Bombardier confirms lay off of 550 Ontario workers
July 11, 2019
The Montreal-based plane and train maker told Reuters in a statement that two existing contracts in the province are slated to wind down and the plant has no new trains to build.
Discussions in the spring between Bombardier and the Ontario government for a $28 billion provincial transit expansion plan are ongoing, said a statement from Unifor, Canada’s largest private-sector union, which represents workers at the Bombardier plant in Thunder Bay.
While the talks have generated some hopes of saving the plant, they have not yet resulted in any firm orders.
Bombardier has been winning work and expanding its rail car manufacturing in the United States, including the June announcement of a new facility in California that will assemble rail cars for San Francisco’s rapid transit system by year-end.
Rail passenger car companies awarded federally funded contracts for rolling stock in the United States will be required to complete 70 per cent of the order with American content next year, putting pressure on manufacturers to build in the country.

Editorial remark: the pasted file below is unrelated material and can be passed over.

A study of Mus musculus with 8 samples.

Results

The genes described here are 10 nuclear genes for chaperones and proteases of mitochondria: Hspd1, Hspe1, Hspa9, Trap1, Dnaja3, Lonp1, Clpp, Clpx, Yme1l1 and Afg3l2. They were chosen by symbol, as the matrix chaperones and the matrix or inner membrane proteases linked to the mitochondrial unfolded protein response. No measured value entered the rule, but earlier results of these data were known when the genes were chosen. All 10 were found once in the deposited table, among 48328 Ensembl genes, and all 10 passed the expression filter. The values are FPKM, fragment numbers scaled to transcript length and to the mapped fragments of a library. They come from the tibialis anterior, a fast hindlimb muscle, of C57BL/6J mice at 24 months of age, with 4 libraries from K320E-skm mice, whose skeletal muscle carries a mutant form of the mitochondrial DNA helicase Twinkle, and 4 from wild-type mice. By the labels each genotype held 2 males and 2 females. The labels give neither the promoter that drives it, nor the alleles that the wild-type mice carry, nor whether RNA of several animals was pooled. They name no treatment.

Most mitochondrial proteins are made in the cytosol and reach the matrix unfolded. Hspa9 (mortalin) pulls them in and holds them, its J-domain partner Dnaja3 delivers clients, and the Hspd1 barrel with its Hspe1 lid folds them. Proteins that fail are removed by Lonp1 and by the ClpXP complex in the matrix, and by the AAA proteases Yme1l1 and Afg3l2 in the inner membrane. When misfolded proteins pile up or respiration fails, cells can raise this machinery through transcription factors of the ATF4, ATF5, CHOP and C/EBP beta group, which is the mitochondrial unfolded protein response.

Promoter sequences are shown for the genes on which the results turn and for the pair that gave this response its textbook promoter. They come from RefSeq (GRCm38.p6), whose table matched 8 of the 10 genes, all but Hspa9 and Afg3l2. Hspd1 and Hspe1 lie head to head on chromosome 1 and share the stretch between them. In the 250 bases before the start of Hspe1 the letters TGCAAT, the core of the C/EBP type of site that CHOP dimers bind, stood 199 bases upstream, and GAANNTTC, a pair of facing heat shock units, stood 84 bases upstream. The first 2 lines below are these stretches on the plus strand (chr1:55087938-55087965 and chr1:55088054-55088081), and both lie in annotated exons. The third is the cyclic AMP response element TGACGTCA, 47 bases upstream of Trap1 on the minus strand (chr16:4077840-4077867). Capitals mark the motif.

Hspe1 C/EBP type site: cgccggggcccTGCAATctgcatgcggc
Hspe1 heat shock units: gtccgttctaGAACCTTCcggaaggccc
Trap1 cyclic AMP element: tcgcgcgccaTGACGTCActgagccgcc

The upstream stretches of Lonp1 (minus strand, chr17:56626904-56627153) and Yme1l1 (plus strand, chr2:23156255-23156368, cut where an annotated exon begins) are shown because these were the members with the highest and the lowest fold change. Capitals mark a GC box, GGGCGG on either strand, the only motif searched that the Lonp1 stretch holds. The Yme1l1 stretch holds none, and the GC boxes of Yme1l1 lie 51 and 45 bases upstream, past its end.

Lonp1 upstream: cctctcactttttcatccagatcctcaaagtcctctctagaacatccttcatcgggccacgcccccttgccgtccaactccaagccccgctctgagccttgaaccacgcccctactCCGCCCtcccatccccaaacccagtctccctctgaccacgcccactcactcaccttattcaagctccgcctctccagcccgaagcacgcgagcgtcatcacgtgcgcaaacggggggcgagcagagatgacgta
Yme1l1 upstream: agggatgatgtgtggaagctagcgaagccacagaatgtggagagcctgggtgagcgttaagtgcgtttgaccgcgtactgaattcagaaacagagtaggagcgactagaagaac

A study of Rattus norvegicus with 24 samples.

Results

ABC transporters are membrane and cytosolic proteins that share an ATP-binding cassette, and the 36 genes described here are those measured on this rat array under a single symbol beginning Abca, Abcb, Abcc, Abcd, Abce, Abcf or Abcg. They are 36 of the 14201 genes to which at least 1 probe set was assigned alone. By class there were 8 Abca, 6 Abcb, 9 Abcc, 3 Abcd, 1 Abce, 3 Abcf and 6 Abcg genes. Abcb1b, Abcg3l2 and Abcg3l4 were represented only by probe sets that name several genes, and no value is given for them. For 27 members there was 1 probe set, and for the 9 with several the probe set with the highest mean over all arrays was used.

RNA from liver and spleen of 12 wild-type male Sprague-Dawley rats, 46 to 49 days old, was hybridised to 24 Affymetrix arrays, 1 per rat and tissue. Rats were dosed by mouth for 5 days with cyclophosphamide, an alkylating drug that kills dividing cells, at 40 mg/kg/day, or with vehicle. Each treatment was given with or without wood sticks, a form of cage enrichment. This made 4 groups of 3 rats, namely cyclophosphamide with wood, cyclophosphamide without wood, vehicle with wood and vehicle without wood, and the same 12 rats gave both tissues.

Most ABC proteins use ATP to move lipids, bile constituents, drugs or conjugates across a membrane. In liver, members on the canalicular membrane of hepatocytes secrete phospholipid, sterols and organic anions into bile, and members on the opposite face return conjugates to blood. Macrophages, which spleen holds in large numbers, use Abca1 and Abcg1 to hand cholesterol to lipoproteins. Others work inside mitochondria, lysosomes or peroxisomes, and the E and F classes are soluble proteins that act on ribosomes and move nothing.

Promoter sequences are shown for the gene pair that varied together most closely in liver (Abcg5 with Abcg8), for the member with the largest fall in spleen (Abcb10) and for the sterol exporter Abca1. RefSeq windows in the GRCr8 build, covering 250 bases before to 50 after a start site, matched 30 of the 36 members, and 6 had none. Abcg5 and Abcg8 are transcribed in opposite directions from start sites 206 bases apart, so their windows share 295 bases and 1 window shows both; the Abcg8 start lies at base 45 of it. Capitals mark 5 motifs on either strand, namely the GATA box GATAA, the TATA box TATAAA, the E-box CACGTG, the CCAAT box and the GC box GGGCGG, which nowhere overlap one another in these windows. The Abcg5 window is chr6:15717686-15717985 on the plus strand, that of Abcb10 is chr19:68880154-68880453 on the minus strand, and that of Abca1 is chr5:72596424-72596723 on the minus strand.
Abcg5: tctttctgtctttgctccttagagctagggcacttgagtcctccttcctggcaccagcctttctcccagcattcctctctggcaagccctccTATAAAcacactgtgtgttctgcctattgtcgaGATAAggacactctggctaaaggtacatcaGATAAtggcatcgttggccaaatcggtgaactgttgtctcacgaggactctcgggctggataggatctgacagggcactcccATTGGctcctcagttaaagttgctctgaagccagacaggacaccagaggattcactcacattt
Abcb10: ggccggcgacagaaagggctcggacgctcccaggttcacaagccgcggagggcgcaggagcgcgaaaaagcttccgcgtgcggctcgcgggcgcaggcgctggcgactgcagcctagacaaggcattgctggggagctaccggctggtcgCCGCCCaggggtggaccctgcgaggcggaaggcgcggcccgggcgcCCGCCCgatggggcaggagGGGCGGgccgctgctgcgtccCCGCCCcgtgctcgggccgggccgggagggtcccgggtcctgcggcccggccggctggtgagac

By contrast, a provincial rule in Ontario requires rolling stock orders to have only 25 per cent Canadian content.
“When you compare that to the American content, it’s not enough,” Dominic Pasqualino, president of the union local which represents workers at the Bombardier plant, told Reuters. “I’ve got a parking lot full of vehicles now. And each car represents a family.”
Ontario transportation agency Metrolinx, which expects to complete its order for 291 Bombardier bi-level commuter coaches in February 2020, began “discussions with Bombardier some time ago to order more coaches,” the agency’s chief executive, Phil Verster, said in an emailed statement.
News of the layoffs were first reported by Canadian Press on Tuesday, citing a government source.